Eco-lining for landfill site


Mt Cooee landfill has received a new geosynthetic liner in a project that aims to make the site more environmentally friendly.

Project overseer Dave Hannan said it was one of the final stages in an effort to prevent landfill leachate from reaching the Clutha River.

Irrigation ditches were dug at the base of the landfill face before the fibre was laid, and last week’s work was the final step.

“This is the last part of a major project,” Mr Hannan, a former Wasteco environmental manager, said.

“It will stop leachate getting into the Clutha River.

“The landfill is essentially finished now.”

The new material is a geosynthetic clay liner, called elcoseal, and produced by Geofabrics in Australia.

It is a needle-punched reinforced composite, combining two durable geotextile outer layers with a core of sodium bentonite clay that expands to create a hydraulic barrier.

Mr Hannan said the material far surpassed what they would routinely use at landfills.

“It’s only about [2.5cm] thick . . . but it’s equivalent to a one metre layer of clay.”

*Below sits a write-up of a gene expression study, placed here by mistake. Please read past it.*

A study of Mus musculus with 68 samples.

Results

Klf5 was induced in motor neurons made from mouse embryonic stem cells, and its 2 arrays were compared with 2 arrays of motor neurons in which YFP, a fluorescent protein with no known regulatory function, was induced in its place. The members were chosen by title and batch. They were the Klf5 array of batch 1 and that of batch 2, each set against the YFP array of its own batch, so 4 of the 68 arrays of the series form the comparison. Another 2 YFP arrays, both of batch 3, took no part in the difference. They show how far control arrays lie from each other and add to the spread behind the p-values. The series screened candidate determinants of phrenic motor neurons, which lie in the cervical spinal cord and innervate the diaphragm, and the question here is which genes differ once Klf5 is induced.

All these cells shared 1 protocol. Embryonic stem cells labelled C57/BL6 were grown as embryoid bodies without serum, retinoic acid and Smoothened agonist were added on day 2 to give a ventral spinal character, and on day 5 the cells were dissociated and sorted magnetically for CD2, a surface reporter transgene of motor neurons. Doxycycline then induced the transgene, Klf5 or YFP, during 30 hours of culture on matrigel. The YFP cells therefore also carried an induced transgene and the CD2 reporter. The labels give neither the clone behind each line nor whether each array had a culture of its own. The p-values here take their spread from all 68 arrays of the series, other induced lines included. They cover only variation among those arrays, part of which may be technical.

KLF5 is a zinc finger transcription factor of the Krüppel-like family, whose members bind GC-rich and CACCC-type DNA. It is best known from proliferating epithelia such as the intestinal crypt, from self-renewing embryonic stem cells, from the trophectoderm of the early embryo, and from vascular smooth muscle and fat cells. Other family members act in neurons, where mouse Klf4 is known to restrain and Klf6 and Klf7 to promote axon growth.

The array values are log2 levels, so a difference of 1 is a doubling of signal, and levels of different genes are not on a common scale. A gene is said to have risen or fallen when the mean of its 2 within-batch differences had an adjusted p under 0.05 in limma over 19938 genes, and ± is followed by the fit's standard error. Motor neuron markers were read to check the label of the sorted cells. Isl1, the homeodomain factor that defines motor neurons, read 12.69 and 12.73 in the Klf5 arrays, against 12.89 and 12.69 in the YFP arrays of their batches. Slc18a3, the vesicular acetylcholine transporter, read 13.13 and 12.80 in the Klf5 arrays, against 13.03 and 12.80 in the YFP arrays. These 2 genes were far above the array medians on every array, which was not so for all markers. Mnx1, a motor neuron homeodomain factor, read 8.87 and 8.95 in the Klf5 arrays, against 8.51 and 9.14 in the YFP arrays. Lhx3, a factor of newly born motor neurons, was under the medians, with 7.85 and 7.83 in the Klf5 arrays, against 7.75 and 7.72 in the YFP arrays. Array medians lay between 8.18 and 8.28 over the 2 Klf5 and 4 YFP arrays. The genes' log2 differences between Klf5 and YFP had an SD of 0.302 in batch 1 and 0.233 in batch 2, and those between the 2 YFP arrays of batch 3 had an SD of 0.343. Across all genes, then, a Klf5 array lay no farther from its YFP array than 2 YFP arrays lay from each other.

He said some of the further benefits were that, unlike traditional clay layers, it could not be eroded by wind, and it would not crack in the sun.

“It’s also a third of the cost,” he said.

Geofabrics sales engineer Mike van den Arend agreed.

“Once you factor in the cost of trucking in all of the clay, it can become very expensive, very quickly.”

Mr van den Arend said the geosynthetic fibre not only eased financial costs but also environmental costs from truck fumes.

Use of the product remains rare in Otago and Southland, where high density polyethylene (HDPE) liners are more commonly used for landfills and irrigation ponds.

But Mr Hannan said there were difficulties with that kind of liner.

“You often have to get a specialist to weld an HDPE liner .. It has to be double seam welded.”

The elcoseal came in large rolls that were held aloft by a digger, then dragged down the hill in sheets and flattened down on to the landfill face, and pasted together with more bentonite clay.

There was one drawback with the elcoseal rolls though, he said.

Anyone laying down the sheets needed to wear a face mask for protection against bentonite, which was not very nice if it expanded in your lungs.

The last touch would be a layer of topsoil, to be planted out with toitoi and flaxes.